World Service 'should be protected'
The BBC's World Service should be protected from spending cuts to preserve its global reputation, a powerful Government watchdog has said.
The Foreign Affairs Select Committee said the service was so valuable to the UK its income should be ring-fenced - and a 16% budget cut reversed.
MPs launched an inquiry into the 79-year-old service, the world's largest international broadcaster, after jobs and services were axed following Foreign Office (FCO) funding cuts.
Committee chairman Richard Ottaway said: "The value of the World Service in promoting the UK across the globe, by providing a widely-respected and trusted news service, far outweighs its relatively small cost."
There was a huge public outcry when the Government slashed the World Service's £237 million-a-year budget by 16% and declared it would be funded from the licence fee from 2014.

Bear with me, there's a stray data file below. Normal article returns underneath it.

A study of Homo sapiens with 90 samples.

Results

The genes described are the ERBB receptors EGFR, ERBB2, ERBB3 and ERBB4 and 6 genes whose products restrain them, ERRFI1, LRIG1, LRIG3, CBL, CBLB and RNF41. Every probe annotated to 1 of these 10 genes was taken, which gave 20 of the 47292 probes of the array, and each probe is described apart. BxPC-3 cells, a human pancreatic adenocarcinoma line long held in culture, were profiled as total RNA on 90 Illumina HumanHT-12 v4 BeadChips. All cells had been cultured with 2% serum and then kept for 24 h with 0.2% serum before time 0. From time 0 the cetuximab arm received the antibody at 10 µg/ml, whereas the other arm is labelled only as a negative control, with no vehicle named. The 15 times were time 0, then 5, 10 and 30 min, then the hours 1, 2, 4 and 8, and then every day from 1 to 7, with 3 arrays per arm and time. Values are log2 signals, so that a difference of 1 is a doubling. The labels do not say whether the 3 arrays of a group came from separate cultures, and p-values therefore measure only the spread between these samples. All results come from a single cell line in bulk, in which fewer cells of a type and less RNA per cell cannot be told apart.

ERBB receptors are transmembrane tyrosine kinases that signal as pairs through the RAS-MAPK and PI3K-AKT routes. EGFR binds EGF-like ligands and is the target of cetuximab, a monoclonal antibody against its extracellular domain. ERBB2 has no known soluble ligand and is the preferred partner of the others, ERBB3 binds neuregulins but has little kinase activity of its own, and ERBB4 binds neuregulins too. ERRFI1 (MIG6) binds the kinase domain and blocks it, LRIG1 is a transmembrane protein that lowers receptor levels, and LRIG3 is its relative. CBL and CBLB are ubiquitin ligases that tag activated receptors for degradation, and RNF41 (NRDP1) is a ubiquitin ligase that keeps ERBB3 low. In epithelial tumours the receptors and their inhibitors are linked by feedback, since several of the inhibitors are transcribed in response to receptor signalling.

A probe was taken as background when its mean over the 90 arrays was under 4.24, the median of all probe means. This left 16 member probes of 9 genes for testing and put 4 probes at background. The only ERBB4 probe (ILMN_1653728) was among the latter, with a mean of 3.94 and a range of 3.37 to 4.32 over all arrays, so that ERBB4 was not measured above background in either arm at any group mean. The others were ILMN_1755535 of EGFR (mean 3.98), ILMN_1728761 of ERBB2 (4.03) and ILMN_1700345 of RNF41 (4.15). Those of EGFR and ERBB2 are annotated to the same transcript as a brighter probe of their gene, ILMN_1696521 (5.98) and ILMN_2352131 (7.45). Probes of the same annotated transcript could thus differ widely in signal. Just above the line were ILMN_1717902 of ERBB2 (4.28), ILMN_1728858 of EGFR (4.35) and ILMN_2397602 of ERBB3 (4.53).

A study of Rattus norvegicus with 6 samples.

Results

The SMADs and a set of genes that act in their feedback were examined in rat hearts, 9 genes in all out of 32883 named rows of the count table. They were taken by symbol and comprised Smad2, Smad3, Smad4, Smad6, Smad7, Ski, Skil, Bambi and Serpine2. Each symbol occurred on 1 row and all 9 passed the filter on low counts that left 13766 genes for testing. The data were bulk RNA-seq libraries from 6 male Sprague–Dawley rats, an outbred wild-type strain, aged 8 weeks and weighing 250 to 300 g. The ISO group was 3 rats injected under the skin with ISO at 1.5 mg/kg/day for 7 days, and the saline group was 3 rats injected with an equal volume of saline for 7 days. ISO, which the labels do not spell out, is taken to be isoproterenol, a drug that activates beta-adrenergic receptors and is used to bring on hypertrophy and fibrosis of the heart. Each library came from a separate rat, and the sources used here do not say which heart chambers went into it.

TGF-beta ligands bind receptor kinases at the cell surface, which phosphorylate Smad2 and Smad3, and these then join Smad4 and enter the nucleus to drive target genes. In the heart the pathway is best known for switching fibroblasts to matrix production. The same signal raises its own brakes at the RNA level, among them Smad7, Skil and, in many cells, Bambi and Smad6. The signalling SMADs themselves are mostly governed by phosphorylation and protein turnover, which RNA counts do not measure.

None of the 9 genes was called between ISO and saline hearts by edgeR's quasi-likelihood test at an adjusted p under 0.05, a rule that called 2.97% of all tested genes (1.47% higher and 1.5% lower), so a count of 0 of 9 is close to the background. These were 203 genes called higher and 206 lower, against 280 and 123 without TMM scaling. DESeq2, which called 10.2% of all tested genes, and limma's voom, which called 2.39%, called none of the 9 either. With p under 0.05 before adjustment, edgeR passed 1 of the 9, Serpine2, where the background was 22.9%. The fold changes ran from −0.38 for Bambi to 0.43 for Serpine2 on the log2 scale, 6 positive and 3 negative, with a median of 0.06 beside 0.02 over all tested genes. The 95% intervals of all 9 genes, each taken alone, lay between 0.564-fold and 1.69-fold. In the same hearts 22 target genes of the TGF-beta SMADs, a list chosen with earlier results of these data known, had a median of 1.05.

The coalition claimed the cut was needed to tackle the budget deficit it inherited from the previous Labour Government. The Corporation responded by axing five foreign language services - Portuguese for Africa, Caribbean English, Macedonian, Serbian and Albanian.
It estimated more than 30 million listeners would be affected, a sixth of its global audience of 180 million, and would lead to the loss of 650 jobs from its workforce of 2,400.
Mr Ottoway said: "We do not believe the decision to transfer funding responsibility for the World Service from the FCO to the BBC will make the World Service's funding more secure. Despite all assurances, this decision could lead to long-term pressure on the World Service budget, with the risk of a gradual diversion of resources to fund other BBC activities."
The BBC said that it welcomed the committee's "strong support" for the World Service.
"The cuts being made to the World Service are a consequence of last autumn's spending review and the BBC regrets the scale and pace of cuts that have been necessary," it said in a statement.